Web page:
7 things to help keep a healthy heart

Your sweetheart may have the key to your heart, but eating healthy and being physically active are the keys to keeping that heart of yours healthy! With so much information out there - much of which is conflicting - here are some of them that most certainly agree on.

Maintaining a Health Weight

You’ve heard this a million times. It’s not sexy science, a new fangled supplement, or anything as complicated as that. But if you are overweight, this is where the biggest bang for your buck is going to come. It might be a simple idea, but we know it’s not always easy to implement.

Get Your 5-a-Day

Make sure you have at least five 80g portions of fruit and vegetables every day. There is now a large number of studies that have shown that increased fruit and vegetable consumption is associated with reduced risk of heart disease (1). Why do so many of us fail to eat enough fruit and veg then? Try including vegetables in the morning - Shaksuka recipes are great for breakfast and simple to do. Get creative - try including a different vegetable with you dinner every day for a week. Get something new and different each time.

Mediterranean diet table for 2 with winr

Mediterranean Diet

We’ve discussed this here on the blog before. Strong adherence to the Mediterranean diet is associated with a reduced risk of overall mortality, cardiovascular diseases, and coronary heart disease, myocardial infarction (2). Time to break out the olives and wine?

Vitamin D

Observational studies have shown that low vitamin D levels are associated with an adverse cardiovascular risk profile and significantly increased risk of cardiovascular events (3). If you struggle to get outdoors often enough to get adequate sunlight exposure, it might be time to consider Vitamin D supplements. 2000 IU per day has been shown to be sufficient to increase vitamin D levels in athletes with inadequate vitamin D concentrations (4).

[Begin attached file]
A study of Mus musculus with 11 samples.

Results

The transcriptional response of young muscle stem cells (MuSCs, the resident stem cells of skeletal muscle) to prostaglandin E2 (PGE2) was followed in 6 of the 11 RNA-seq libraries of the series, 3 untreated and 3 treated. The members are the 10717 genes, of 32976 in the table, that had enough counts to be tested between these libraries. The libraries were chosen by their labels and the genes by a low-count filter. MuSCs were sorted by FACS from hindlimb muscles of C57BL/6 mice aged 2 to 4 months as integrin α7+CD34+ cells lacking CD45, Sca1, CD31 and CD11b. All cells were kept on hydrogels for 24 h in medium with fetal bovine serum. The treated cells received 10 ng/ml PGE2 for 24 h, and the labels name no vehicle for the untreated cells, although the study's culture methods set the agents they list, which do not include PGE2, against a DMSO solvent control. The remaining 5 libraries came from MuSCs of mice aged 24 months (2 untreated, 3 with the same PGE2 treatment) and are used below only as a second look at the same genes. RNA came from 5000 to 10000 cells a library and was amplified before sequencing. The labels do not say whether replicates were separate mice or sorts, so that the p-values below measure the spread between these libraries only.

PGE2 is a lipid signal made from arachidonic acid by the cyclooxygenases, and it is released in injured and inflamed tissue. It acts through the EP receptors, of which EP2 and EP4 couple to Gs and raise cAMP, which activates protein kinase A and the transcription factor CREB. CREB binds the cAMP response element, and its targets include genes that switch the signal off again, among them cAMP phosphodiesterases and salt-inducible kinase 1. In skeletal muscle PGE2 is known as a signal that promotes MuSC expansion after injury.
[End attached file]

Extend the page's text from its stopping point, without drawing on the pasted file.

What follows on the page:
vitamin d and heart health

Double bonus - exercise can help you maintain your weight and keep off weight that you lose as well as help you reach physical and cardiovascular fitness. If it’s hard to schedule regular exercise sessions, try high intensity interval training (HIIT). Even a few bouts of 15 second bursts of hard exercise can be beneficial - there are even some suggestions that this is more beneficial than longer, moderate exercise (4).


Despite some studies questioning the efficacy, the American Heart Association still recommends omega-3 supplementation to those who are at risk of coronary heart disease (6). Try making sure to include oily fish in your diet - salmon, mackerel, herring. If you are not getting two portions in per week, omega-3 supplements are an easy way to top up your intake.



If you are taking any prescribed medication or have any medical conditions ALWAYS consult your doctor or pharmacist BEFORE taking vitamins or supplements. Food supplements must not be used as a substitute for a varied and balanced diet and a healthy lifestyle. If pregnant or lactating, ALWAYS consult your doctor before use. Or if you have any queries about any supplement ALWAYS consult a QUALIFIED medical professional.